Liberal Leader Justin Trudeau won enough seats in the recent federal election to form another minority government, which means many of Canada’s existing climate polices will continue. And so, too, will the design flaws in Ottawa’s current climate policies that are imposing unnecessary costs on Canadians and the economy more generally.

But it doesn’t have to be this way. The election could serve as an opportunity for the new federal government to implement a better, less painful climate plan.

In 2015, Canada agreed to reduce greenhouse gas emissions by 30 per cent below 2005 levels by 2030 as part of the Paris Conference. However, in May of this year, Trudeau unilaterally increased our target to a 40 to 45 per cent reduction.

To reach our Paris goal, the Trudeau government increased the carbon tax from a maximum of $50 per tonne in 2022 to $170 per tonne by 2030. Beyond the carbon tax – which is the centerpiece of the plan – the government introduced new spending measures on items such as energy-efficient building retrofits, incentives for zero-emission vehicles, and renewable energy projects, among dozens of other initiatives.

While reducing greenhouse gas emissions to tackle climate change is a priority, the issue is how we actually achieve the goal. We acknowledge that setting a price on carbon is the most efficient (i.e. least costly) way to reduce emissions as it provides the flexibility for individuals and businesses to either pay the price of emitting or find cheaper ways to reduce emissions, rather than mandating one single approach through regulations.

However, several key conditions must be met for carbon pricing to deliver on the promise of cost-effective emissions reduction.

First, a carbon tax should be revenue neutral. Ottawa currently rebates 90 per cent of the revenues in the form of lump-sum payments to households. The remaining 10 per cent is used to finance grants for energy efficiency projects.

More importantly, the way we use carbon tax revenues matters. To mitigate the damage on economic growth, revenues from the carbon tax should be used to reduce other more harmful taxes such as personal and business income taxes—something several Scandinavian countries have done. In this way, economic incentives are improved as a method to improve economic growth. Using the revenues to finance a lump-sum rebate as the Trudeau government is doing does not change the incentives for investment, work, savings or entrepreneurship, and thus does very little to improve economic growth.

Second, a carbon tax should replace existing emissions-related regulations, not to be added to them. The point of a carbon tax is to rely on prices and market decisions to drive a reduction in emissions. The price of the carbon tax allows individuals to make decisions about how best to respond to the cost of emissions, either by innovating, reducing emissions or transitioning to different types of production. Retaining existing regulation prevents some of these decisions, and in other cases, changes the alternatives available. In both cases, the regulations short-circuit the price mechanism intended by the carbon tax. Unfortunately, instead of repealing existing regulations, the Trudeau plan layers the carbon tax on top of existing regulations and mandates.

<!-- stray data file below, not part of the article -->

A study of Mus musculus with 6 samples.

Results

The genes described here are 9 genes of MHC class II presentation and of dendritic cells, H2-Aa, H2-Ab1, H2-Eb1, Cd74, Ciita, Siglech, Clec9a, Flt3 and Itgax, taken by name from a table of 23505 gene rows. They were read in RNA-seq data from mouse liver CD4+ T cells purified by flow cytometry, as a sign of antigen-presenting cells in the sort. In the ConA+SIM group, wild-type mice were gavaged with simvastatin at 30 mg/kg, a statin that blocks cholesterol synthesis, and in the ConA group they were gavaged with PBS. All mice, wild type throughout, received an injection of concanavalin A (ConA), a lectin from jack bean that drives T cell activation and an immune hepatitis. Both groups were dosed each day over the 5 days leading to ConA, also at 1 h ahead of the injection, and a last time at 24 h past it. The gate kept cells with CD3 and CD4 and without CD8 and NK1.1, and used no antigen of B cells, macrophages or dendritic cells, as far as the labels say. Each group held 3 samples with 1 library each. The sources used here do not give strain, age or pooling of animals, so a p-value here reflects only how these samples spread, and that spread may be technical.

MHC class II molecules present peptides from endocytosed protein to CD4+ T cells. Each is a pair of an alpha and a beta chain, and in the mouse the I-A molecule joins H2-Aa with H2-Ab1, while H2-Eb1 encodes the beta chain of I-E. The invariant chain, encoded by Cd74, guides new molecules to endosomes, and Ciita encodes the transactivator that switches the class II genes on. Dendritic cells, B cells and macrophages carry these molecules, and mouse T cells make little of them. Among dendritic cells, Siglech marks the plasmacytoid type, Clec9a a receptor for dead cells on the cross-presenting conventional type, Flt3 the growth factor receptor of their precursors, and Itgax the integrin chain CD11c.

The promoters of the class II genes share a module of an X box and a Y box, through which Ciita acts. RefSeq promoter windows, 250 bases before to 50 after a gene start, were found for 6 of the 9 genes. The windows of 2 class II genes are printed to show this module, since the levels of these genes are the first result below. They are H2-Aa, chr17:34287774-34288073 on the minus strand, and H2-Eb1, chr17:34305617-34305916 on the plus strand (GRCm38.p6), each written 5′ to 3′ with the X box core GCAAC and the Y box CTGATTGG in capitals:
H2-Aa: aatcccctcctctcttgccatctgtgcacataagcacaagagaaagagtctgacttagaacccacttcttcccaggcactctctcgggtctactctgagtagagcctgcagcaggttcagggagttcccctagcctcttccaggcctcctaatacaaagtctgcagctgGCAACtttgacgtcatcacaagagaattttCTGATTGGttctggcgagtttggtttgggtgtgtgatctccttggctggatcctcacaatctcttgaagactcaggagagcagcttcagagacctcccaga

Third, measures to prevent carbon leakage – where firms reorganize their activities or relocate outside of the country to avoid the carbon tax—must be part of the climate plan. Many economists argue for some type of border adjustments on imports that have GHG-related inputs and for exported goods subject to the carbon tax. The Trudeau government has committed to “exploring the potential of border carbon adjustments” in its climate plan. Nonetheless, it remains uncertain whether the government will proceed.

And finally, economics informs us that the carbon tax rate should be pegged at what economists call the “social cost of carbon,” which is the cost – current and future -- of the damage to society from one additional tonne of carbon emitted today. Recent estimates by the Biden administration peg the social cost of carbon at a range of US$19-$89/tonne by 2030. This suggests that Canada’s carbon tax rate of C$170 per tonne by 2030 is too high—even if the tax were better designed.

Overall, the Trudeau government’s climate plan has design flaws that will unnecessarily hurt our economy. While tackling climate change remains a priority, the renewed Trudeau minority government should design and implement a better, more effective, and less painful climate plan.